DESERT MOUNTAIN HIGH CRASH RESCUE DEMO HIGHLIGHTS TEEN DRIVER SAFETY, SEATBELTS
Schools participate in Seatbelt Challenge; Supported with State Farm Grant
Media Contacts: Lori Schmidt, Scottsdale Fire Dept.
(480) 272-1710 office or firstname.lastname@example.org
On April 4, Desert Mountain High School students will get a firsthand look at the results of a deadly crash during a mock presentation on the football field at 8:45 am. Desert Mountain is at 12575 E. Via Linda, Scottsdale.
“This scenario comes at an important time in the school year, just before Prom,” says Desert Mountain School Resource Officer Rob Katzaroff. “We’re hoping the students will really pay attention to the consequences of their actions – including the choice to wear a seat belt every time they get into a vehicle.”
The demonstration is part of the Scottsdale Seatbelt Challenge, which encourages seat belt use by teens. The program, supported by grant funds from State Farm and coordinated by Scottsdale Fire Department, is designed to encourage safe driving habits amongst teens and increase their seat belt usage. Students create the messages and design awareness initiatives for their peers. Seatbelt observations are conducted throughout the school year to determine if their efforts are making an impact on fellow students’ driving behaviors. Cactus Shadows, Coronado and Arcadia high schools are also participating in the challenge.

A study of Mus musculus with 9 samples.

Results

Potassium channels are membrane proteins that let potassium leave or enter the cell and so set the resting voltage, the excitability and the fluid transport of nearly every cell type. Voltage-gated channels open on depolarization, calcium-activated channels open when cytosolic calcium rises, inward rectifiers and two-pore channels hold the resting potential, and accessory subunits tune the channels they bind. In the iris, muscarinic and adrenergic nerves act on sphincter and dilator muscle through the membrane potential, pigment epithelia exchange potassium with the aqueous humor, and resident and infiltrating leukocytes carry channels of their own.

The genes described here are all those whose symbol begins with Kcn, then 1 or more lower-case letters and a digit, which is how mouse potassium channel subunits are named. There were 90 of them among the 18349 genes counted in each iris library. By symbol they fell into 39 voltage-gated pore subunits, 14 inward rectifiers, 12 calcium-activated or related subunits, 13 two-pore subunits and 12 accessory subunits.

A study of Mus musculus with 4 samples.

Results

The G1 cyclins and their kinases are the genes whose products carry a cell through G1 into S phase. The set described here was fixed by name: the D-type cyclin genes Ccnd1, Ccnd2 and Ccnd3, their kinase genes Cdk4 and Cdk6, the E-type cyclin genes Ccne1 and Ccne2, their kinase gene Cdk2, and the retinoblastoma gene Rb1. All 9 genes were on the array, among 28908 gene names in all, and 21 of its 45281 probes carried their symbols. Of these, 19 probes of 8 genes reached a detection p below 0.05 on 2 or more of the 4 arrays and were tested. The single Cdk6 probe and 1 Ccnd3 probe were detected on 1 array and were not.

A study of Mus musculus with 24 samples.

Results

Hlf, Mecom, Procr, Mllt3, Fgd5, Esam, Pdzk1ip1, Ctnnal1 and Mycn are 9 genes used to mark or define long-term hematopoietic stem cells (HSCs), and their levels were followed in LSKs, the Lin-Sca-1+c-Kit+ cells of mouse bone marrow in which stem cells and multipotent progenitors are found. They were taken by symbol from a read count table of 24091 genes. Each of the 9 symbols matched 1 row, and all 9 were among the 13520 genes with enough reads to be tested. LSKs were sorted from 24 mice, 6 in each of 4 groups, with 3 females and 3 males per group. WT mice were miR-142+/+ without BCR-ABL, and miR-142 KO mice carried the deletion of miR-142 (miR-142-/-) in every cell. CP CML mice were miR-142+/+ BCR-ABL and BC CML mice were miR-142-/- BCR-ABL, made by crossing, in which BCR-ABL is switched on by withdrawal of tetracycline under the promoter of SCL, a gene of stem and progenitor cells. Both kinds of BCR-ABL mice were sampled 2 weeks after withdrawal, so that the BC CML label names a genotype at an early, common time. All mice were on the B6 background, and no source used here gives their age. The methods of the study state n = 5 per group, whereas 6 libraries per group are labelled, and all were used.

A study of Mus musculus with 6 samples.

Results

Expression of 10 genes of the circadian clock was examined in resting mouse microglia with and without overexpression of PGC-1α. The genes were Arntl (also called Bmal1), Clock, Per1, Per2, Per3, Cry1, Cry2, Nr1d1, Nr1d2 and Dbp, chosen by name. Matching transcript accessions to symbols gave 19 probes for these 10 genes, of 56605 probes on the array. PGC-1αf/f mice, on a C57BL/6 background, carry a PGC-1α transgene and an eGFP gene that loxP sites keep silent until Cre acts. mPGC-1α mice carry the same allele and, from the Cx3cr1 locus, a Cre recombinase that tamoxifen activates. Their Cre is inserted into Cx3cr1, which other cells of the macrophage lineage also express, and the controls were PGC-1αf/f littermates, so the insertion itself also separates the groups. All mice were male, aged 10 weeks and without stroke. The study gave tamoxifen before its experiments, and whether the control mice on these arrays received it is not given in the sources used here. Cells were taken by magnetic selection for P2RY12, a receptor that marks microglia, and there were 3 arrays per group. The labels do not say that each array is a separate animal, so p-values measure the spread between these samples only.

More teenagers and young adults die in traffic crashes than from any other cause — and alcohol and seat belt non-use is a major factor. Every year, alcohol-related crashes account for 35 to nearly 40 percent of all traffic fatalities. In the 15- to 24-year-old age group, nearly half of the traffic fatalities are alcohol-related. Last year in the United States — and every year for the past decade — between 5,000 and 6,000 teenagers were killed in motor vehicle accidents. This same demographic also has the lowest seat belt use rate. Each year, seat belt non-use accounts for more deaths among this age group. Studies estimate that using a seat belt reduces the risk of death or serious injury by 40 to 60 percent.
“The goal of a Fatality Awareness & Crash Training Simulation is to educate teenagers and young adults about the tragedy of alcohol-related crashes and the importance of seat belts,” says Scottsdale Fire Captain Dave Folio. “When teens are involved in these types of crashes, it is devastating to families and the school community.”
The mock crash scene is provided in collaboration with Scottsdale Police and Fire departments, Messingers Mortuary, Native Air and PMT Ambulance.